Japanese investment in Israel has shot up the past five years. According to JETRO there are 66 Japanese companies based in Israel as of 2017, 16% up on the previous year. Nikkei Business estimates the total of investment asY130bn (around $1.1bn) – the main contributor being Mitsubishi Tanabe Pharma’s acquisiton of Neuroderm for $1.1bn in 2017.
PM Abe’s visit to Israel in 2015 brought about many further visits from Japanese business people. The attraction is, unsurprisingly, Israel’s expertise in IoT, AI, cyber security and other technologies. But the big obstacle, certainly according to many people I have spoken to about this, is the big cultural communication gap.
According to Shintaro Hirado, who has set up a business support company in Israel, it can be seen as a positive, that Israelis are very straight with you, and once you get over the shock of that, then you can build good trusting relationships.
Japanese expatriates in Israel compare “Chutzpah” (cheek, nerve, audacity) to the KY (Kuuki Yomenai) phenomenon in Japan of a few years ago, when younger Japanese were accused of not being able to “read the air” (usually of disapproval).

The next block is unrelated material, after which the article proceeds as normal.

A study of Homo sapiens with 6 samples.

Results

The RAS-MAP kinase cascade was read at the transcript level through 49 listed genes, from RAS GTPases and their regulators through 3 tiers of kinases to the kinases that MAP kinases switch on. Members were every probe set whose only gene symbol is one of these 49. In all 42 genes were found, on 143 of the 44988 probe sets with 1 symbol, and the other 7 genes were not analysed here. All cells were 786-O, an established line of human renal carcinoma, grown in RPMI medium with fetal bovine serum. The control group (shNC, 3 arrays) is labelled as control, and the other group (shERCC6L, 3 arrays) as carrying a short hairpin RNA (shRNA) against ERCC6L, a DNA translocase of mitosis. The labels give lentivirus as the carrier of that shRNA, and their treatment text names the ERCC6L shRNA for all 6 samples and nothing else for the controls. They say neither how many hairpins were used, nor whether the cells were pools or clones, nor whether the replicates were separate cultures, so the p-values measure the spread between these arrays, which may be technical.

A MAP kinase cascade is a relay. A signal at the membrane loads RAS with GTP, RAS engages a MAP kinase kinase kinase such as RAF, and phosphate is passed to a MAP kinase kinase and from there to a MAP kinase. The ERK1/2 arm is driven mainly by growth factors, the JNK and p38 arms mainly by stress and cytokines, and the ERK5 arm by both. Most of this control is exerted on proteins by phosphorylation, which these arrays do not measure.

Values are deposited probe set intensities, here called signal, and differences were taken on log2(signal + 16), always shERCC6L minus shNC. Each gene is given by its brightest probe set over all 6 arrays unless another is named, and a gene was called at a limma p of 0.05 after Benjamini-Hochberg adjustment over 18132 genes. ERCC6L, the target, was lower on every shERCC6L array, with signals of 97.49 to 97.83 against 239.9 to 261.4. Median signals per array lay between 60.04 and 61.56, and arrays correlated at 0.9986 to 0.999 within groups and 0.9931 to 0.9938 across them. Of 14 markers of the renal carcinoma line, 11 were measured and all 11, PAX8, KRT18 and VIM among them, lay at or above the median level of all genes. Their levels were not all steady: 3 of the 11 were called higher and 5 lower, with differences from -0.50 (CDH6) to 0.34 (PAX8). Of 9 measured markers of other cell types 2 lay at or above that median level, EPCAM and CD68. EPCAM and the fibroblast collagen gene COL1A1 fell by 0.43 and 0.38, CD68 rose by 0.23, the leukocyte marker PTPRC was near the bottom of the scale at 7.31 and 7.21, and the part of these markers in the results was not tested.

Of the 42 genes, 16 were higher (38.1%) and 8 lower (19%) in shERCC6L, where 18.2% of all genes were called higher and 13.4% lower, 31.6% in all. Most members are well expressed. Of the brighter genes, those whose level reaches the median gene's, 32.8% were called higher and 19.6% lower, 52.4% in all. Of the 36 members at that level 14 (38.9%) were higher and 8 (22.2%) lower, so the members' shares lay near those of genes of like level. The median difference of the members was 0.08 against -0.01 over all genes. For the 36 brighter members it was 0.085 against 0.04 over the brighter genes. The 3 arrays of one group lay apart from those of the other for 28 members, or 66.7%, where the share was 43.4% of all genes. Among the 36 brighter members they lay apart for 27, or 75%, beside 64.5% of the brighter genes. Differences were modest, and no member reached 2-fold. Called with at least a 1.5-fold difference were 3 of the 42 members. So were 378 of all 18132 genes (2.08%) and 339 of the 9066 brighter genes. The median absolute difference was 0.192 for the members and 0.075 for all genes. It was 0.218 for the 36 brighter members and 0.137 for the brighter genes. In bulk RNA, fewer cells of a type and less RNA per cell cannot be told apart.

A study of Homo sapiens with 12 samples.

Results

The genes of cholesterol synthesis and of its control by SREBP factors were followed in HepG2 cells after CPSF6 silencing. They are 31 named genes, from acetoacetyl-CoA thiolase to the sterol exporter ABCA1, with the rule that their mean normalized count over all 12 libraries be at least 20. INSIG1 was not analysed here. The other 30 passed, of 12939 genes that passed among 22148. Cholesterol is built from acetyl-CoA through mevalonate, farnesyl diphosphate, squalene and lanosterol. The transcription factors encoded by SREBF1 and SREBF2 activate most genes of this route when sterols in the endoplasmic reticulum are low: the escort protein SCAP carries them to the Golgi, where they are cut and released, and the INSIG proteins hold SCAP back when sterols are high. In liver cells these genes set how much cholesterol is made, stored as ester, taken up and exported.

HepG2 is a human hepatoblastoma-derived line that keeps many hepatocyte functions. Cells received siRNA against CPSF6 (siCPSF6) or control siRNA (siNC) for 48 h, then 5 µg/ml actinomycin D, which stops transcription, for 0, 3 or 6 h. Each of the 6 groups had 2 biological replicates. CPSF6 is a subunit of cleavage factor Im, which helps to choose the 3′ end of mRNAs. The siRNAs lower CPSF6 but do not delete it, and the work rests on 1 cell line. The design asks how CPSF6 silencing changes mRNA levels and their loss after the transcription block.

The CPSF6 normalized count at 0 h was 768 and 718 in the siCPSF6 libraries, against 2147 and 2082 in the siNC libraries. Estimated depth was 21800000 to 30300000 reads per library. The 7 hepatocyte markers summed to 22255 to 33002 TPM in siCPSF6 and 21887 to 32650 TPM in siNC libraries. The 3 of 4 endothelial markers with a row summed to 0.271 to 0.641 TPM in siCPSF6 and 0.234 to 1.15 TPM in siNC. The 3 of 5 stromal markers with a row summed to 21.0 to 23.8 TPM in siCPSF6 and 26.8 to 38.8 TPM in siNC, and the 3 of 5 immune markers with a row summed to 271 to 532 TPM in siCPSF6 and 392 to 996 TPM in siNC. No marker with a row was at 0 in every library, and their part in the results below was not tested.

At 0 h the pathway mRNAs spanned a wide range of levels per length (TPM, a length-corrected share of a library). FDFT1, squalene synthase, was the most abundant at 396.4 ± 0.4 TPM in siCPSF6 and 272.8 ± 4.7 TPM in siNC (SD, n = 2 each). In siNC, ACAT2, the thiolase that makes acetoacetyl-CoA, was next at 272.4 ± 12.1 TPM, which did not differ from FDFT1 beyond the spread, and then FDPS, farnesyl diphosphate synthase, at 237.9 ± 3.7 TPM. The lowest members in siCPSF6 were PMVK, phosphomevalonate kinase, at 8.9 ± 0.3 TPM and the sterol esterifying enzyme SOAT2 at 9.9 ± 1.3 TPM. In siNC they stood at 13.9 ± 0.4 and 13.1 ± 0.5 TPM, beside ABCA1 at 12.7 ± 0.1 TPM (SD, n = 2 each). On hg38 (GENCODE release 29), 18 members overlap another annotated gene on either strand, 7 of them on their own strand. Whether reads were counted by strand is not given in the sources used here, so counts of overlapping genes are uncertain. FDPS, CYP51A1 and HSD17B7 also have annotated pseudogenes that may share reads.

Israeli owners of companies acquired by Japanese companies such as Rakuten have asked for earn outs before the final agreement was signed, or left due diligence meetings days before they were over, not out of anger, but just “I’ve said all I need to say.”
Japan Intercultural Consulting – whom Rudlin Consulting represents in Europe, Middle East & Africa – has just started a partnership with Charis Intercultural Consulting, who have a presence in Israel, so this communication gap could be a business opportunity for us too.